On the outskirts of Reims is Assiette Champenoise, located in a 35-room hotel. Chef Arnaud Lallement trained with Roger Verge, Michel Guerard and Alain Chapel after qualifying from catering college. He came to Assiette Champenoise in 1997 and joined his father, who had run the restaurant since 1975. He gained a Michelin star in 2001 and a second in 2005, and the restaurant was elevated to three Michelin stars in the 2014 guide.
The dining room is on the ground floor and has an attractive garden terrace. The room seats 65 diners, with well spaced tables laid with crisp white linen, windows looking out on to the terrace and white padded fabric squares along the back wall. Lighting was murky and became darker as the evening progressed, so by the time dessert arrived a white stick would have been a useful accessory to help locate the plate. Overly loud music played in the dining room; it was a little surreal looking at the menu with Barry White crooning over the loudspeakers. In a lounge adjoining the dining room was a display cabinet with what seemed to be every Michelin France guide going back to 1900.
There were menus at €198, €158 and €138, as well as a la carte choices that are priced at levels roughly equivalent to the set menus, with starters €49-79, mains €65-98 and desserts €26. The wine list was vast and seemed to be entirely French, with 3,500 different labels to choose from and 26,000 bottles in the cellar. Wines included Les Sorcieres 2011 at €47 for a wine that you can find in the high street for around €16, Cuvée Frederich Emile 2004 at €133 compared to a retail price of €47, and Clos des Fees Cotes du Languedoc 2008 at €188 for a wine that will set you back around €54 in a shop.
A tray of nibbles comprised beef tartare on a cracker, peanut marshmallow, paella tartlet and goat cheese flavoured with herbs. The beef seemed under-seasoned to me and its cracker a little too hard, the cheese harmless, the paella not having much flavour (14/20). Bread is baked from scratch in the kitchen and was excellent, having light, airy texture and a good crust (18/20).
Cauliflower mousse with strips of John Dory lightly smoked with coconut was pleasant and avoided too much smokiness, though the fish flavour rather overpowered the cauliflower (16/20). Asparagus from Vaucluse came with mushrooms including morels steeped in chicken stock and a vin jaune mousse. The asparagus itself was excellent, carefully good and of high quality, the vin jaune sauce nicely made (18/20).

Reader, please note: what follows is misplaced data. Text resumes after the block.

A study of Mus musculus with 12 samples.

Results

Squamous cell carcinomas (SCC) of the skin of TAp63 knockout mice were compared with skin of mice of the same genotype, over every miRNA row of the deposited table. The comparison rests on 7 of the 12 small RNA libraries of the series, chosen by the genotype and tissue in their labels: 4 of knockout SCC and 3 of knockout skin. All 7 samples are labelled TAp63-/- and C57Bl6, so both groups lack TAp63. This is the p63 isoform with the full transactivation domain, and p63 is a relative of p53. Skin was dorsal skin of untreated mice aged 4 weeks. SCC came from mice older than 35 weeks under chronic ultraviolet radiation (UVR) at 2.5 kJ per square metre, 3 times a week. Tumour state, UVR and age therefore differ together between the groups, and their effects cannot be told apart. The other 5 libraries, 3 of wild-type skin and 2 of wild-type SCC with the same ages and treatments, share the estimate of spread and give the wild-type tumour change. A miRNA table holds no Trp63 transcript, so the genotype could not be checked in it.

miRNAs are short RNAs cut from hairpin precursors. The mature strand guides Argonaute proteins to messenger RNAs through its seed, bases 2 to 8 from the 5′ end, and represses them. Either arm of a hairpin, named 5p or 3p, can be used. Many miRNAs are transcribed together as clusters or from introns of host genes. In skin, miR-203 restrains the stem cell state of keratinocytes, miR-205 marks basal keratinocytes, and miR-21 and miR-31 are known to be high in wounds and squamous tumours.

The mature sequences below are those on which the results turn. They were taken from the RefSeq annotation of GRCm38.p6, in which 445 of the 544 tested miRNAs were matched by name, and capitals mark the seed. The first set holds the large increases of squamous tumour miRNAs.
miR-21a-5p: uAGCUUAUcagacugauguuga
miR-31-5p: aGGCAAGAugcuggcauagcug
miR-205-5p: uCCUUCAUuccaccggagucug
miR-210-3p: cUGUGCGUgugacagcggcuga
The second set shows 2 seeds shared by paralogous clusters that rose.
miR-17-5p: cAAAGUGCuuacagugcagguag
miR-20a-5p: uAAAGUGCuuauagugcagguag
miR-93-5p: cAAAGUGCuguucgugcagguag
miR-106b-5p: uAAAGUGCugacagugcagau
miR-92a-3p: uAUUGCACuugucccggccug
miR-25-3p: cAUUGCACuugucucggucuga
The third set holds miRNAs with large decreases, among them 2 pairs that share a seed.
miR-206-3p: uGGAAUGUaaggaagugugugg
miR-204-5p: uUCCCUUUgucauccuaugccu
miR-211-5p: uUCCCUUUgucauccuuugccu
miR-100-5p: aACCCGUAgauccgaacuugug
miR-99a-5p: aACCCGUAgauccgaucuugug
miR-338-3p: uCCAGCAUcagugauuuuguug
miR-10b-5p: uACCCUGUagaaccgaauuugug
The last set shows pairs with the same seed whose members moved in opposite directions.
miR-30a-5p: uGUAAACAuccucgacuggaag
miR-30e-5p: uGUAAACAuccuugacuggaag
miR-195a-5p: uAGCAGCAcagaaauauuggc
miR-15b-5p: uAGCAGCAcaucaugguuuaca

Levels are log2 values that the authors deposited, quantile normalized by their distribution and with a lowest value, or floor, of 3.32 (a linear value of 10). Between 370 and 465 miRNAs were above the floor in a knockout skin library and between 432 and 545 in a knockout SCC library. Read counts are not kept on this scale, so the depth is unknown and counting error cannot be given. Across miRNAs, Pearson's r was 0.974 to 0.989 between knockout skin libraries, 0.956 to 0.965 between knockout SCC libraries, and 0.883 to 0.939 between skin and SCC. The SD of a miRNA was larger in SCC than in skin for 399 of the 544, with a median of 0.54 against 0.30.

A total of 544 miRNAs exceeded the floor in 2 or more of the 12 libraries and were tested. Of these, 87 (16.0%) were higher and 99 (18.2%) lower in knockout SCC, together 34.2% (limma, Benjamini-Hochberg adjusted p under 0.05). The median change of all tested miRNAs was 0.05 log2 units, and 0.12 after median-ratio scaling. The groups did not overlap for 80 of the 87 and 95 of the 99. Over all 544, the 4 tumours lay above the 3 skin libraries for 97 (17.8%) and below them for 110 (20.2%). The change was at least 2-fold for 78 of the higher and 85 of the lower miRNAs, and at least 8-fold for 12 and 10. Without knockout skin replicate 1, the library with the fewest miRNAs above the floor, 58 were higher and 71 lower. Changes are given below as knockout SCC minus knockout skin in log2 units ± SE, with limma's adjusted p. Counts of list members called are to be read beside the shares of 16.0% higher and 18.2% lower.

Norwegian salmon came with turnips and leeks, together with a creamy sauce flavoured with Japanese tea, the latter mercifully subtle. This was a pleasant dish, but the salmon did not have a great deal of flavour, as is sadly the case with most salmon these days; the turnips and leeks were very good, however (16/20).
Line-caught sea bass came with peas, celery and oregano mousse. The fish was grilled, and of the four pieces that we tried three were fine but one was still raw in the centre, a strange slip given the otherwise high technical standard of the meal. The vegetables were of high quality, and the fish had good flavour (16/20 if I ignore the problem with the one piece of fish).
Pigeon from Bresse came with radishes and a lovely reduction of the cooking juices. The pigeon had excellent flavour, was precisely cooked, and the sauce was superb, intense but not over-reduced (19/20). One nice feature of the presentation here is that sauces were presented in their own little serving cups, so you could add more if you wished. In the case of the superb sauce here this was most welcome.
Cheeses were from Philippe Olivier in Normandy and were in excellent condition. A lemon dessert had lemon mousse and meringue topped with a candied lemon shell, the balance of the acidity just right (easily 18/20). This was rather better than a raspberry desert whose fruit itself was excellent but whose mousse with lemon and white cheese was somewhat uninteresting, though the biscuit base was good (perhaps 17/20).
A selection of coffee beans was presented in a series of jars, and you were encouraged to sniff them before selecting your coffee. A range of mignardise appeared, including excellent fruit jellies, yuzu chocolates, delicate cannoli, little lemon tartlets and, best of all, superbly delicate palmier biscuits (19/20).
The bill came to €475 for two i.e. £195 per head. If you went for the cheapest menu and ordered a modest wine to share then your bill might be as low as £150 a head, though £170 per person would probably be about average. Service was excellent after a slightly slow start, with dishes arriving at a steady pace, and faultless topping up of bread, water and wine. Overall this was a very enjoyable meal, with appealing dishes, high quality ingredients and generally excellent cooking technique. For me it was some way short of three star level except for one dish and the petit fours, but this s a criticism of Michelin's scoring rather than of the restaurant, which served us a very enjoyable meal. It is well worth a detour, if not quite a special journey.